Will You Pay Higher Taxes in 2011?

In Tax Planning by Daniel Friedel

Lack of congressional action on 2011 income taxes may force the Treasury Department to make unprecedented moves to prevent U.S. workers from seeing large tax increases in their January paychecks.

The issue: 2011 tax-withholding tables. Treasury officials usually release the tables, which determine the take-home pay of millions of wage-earners, by mid-November because it takes payroll processors weeks to adjust their systems before Jan. 1.

But congressional leaders recently postponed voting on taxes until after the election and lawmakers don’t reconvene until Nov. 15. The Senate is scheduled to take up several nontax issues when it returns and is expected to leave for Thanksgiving soon after, possibly pushing a vote on taxes into December.

Wall Street Journal, Delays to Tax Tables May Dent Paychecks, by Laura Saunders:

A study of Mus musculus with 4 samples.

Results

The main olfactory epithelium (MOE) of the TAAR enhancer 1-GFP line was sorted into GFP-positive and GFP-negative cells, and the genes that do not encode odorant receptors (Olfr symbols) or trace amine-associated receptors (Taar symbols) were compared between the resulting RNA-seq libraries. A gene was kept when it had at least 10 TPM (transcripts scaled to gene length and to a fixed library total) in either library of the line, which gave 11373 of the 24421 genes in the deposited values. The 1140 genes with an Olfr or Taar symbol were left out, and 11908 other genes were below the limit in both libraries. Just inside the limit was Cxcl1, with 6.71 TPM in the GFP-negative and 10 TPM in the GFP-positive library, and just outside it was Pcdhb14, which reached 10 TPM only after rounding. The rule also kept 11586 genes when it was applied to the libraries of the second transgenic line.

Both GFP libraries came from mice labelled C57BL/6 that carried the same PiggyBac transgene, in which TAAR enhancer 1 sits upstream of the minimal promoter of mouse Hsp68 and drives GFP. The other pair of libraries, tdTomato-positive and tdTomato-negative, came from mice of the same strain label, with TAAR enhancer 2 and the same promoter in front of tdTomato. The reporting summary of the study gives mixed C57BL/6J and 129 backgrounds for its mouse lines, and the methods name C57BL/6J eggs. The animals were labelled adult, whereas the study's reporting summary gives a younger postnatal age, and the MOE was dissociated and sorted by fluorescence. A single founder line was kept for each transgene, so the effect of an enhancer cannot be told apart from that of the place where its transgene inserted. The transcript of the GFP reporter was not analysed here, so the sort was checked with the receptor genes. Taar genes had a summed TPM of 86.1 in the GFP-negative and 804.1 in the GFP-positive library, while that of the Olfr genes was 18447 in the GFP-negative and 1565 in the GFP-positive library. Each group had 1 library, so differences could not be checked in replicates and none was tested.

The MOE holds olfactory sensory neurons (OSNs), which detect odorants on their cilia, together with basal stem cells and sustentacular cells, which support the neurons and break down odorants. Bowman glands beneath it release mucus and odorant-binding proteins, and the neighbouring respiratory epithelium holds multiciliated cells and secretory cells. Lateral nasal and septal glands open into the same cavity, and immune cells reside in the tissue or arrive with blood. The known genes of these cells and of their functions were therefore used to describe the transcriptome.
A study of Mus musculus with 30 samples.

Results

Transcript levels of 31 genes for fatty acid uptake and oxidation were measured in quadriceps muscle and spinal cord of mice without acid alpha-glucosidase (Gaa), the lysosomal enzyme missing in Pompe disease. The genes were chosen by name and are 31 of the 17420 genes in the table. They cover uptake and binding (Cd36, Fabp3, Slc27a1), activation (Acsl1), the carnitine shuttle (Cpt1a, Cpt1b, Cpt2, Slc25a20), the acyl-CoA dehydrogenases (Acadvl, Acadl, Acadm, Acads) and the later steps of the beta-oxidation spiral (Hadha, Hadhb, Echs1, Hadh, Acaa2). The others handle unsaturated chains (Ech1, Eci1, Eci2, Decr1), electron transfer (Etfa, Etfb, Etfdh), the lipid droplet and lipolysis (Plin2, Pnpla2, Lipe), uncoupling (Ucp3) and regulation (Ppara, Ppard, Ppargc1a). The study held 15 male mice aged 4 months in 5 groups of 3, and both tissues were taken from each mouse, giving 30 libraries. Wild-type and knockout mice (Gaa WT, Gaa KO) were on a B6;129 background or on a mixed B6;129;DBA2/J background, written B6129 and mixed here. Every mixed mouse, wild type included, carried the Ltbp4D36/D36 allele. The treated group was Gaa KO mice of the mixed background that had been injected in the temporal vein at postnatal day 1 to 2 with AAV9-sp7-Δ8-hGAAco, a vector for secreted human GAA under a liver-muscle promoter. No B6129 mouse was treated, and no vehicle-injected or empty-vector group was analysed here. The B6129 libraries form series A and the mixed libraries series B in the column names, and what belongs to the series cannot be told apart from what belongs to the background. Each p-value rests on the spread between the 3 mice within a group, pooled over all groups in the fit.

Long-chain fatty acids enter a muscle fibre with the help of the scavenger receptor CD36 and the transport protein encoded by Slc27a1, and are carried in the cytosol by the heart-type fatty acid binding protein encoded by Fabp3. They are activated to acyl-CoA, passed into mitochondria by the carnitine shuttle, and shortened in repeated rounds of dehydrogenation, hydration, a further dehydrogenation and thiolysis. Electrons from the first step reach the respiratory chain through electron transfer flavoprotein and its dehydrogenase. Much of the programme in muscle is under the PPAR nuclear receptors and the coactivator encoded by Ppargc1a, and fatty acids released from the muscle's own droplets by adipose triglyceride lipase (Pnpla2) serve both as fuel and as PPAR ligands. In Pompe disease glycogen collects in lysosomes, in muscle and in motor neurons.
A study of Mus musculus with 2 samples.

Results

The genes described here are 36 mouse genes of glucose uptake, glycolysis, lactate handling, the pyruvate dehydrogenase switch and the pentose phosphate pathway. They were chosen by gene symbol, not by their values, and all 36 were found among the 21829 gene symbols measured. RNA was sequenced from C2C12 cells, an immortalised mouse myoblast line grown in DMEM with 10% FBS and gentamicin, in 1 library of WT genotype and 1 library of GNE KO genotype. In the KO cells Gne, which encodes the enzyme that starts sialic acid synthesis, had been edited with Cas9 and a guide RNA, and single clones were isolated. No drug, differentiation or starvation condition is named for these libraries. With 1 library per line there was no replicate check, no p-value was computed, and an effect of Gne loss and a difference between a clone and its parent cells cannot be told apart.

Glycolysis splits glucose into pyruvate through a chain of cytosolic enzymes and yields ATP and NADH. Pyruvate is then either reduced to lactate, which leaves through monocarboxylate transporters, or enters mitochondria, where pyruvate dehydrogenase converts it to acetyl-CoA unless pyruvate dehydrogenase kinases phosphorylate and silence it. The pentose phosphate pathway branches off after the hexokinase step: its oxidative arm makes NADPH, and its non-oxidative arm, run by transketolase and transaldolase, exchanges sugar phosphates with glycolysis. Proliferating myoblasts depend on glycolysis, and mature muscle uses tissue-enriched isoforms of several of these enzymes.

“Things get very dicey after the first of December” because of employers’ need to know the 2011 rates, said Michael Graetz of Columbia University Law School, a former Treasury official. …

Some Capitol Hill tax staffers have suggested that the Treasury could set 2011 withholding at current levels for joint filers earning less than $250,000 ($200,000 for single filers), on the assumption that Congress seems likely to enact this change. Others have suggested that if Congress doesn’t act in time, Treasury officials might consider a one- or two-month grace period in which it maintains current tables until Congress passes tax legislation.

Treasury officials declined to discuss what they will do if lawmakers don’t come to a quick decision. … Treasury officials’ most obvious option is the least attractive. If they publish tables based on expiration of the Bush tax cuts, which occurs Jan. 1, millions of low- and middle-income taxpayers who have paid little or no income taxes for a decade would likely see increases in January. Prof. Graetz estimates that higher withholding could take up to $10 billion a month out workers’ pockets due to higher tax rates alone.